The opinion of the court was delivered by: BEEKS
Myrtle G. Watton died August 22, 1954. Her executrix filed an estate tax return showing a net estate tax payable of $ 49.81 and that amount was paid on May 27, 1955. The District Director of Internal Revenue thereafter assessed an additional tax which, together with interest, amounted to approximately $ 41,000 on the basis that her gross estate should have included the following items:
1. The amount of $ 7,738.82, on deposit with the Equitable Life Assurance Society pursuant to the terms of its Policy No. 10,181,318 and supplemental contract No. 190511, as being subject to a general power of appointment in the decedent and includable in her estate under 26 U.S.C.A. § 2041.
2. The amount of $ 30,601.27, on deposit with the Equitable Life Assurance Society and Mutual Life Insurance Company of New York under policies and supplemental contracts, as having been transferred by decedent during her life, retaining to herself a life estate, and therefore includable in her gross estate under 26 U.S.C.A. § 2036.
The tax was paid by the executrix under protest, claim for refund was filed, and not having been granted, this suit followed.
The case has been fully stipulated. The facts necessary for a decision are found in the admitted facts of the pretrial order and the exhibits which have been presented to the Court as part of the pretrial order.
From the date of their marriage in July 1912, Myrtle and George Watton resided in the State of Washington and remained married until the death of Mr. Watton in March of 1953, approximately one year and five months before the death of Mrs. Watton in August of 1954.
On January 27, 1934, George Watton executed his will which remained without revision until his death. In his will Mr. Watton provided that all of his property, with the exception of certain specific legacies, was to be placed in trust, with the income payable to his wife for life and the remainder to their only daughter.
On that same date, Mrs. Watton executed an agreement wherein she recited that her husband had on that date executed a will in which he left his entire estate in trust with the income payable to her for life and that it was her desire that all of their community property be subject to the terms of that trust. Mrs. Watton, therefore, promised that if Mr. Watton predeceased her leaving a will which in fact created a trust with income payable to her for life, she would immediately transfer to the trustee of such trust all of her interest in their community property. This agreement was signed only by Mrs. Watton.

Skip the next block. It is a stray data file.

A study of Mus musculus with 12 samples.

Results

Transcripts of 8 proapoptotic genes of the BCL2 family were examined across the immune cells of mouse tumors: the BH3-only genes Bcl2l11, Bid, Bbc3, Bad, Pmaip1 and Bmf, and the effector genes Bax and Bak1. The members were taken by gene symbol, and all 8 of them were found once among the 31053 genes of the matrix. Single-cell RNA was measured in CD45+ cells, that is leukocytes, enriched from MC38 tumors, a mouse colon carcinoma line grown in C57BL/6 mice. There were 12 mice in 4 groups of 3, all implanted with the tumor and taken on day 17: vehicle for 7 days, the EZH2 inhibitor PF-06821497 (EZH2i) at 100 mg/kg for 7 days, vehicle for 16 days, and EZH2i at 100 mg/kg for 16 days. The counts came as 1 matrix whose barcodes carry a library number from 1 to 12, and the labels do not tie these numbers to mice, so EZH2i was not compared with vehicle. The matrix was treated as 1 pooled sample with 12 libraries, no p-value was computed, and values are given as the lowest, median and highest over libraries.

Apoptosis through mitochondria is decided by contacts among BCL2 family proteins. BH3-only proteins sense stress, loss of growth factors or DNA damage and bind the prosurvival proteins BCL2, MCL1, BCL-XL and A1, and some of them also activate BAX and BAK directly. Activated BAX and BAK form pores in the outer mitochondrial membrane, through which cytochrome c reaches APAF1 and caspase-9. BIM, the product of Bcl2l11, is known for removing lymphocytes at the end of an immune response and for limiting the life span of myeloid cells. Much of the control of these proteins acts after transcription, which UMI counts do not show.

At various times during the course of the marriage, Mr. Watton purchased with community funds policies of life insurance upon his life, designating Mrs. Watton as beneficiary. Prior to his death Mr. Watton, pursuant to the terms of the policies, changed the beneficiaries and elected certain modes of settlement under the various settlement options provided. The policies all matured upon the death of Mr. Watton and became payable according to their terms.
One of the policies, Equitable Policy No. 10,181,318, provided for an annuity to Mrs. Watton. The amount due to her upon Mr. Watton's death would be left on deposit with the insurer, interest payable monthly, and Mrs. Watton would have the right of withdrawing, on interest due dates, the entire amount then on deposit or any part thereof, limited only by the provision that no partial withdrawal could be less than $ 500. The value of the proceeds of this policy at the date of Mrs. Watton's death was $ 7,738.82.
With slight differences in wording, the settlement options elected by Mr. Watton on all the remaining policies were substantially the same as the option contained in Equitable Policy No. 7,860,282. This policy provided that amounts due to Mrs. Watton upon her husband's death would remain on deposit with the insurer and would be paid to her for life with the remainder to their daughter Eileen Whiteley. At the date of Mrs. Watton's death the proceeds of these remaining policies had a total value of $ 30,601.27.
On January 26, 1954, nine months after the death of Mr. Watton, Mrs. Watton transferred her one-half interest in the community property of herself and her deceased husband to the trust created by his will retaining only a life interest therein. The value of the interest so transferred by Mrs. Watton was $ 100,799.84. Following the transfer, Mrs. Watton filed a federal gift tax return covering the transfer. In that return she reduced the amount of the gift by the value of the life estate retained by her.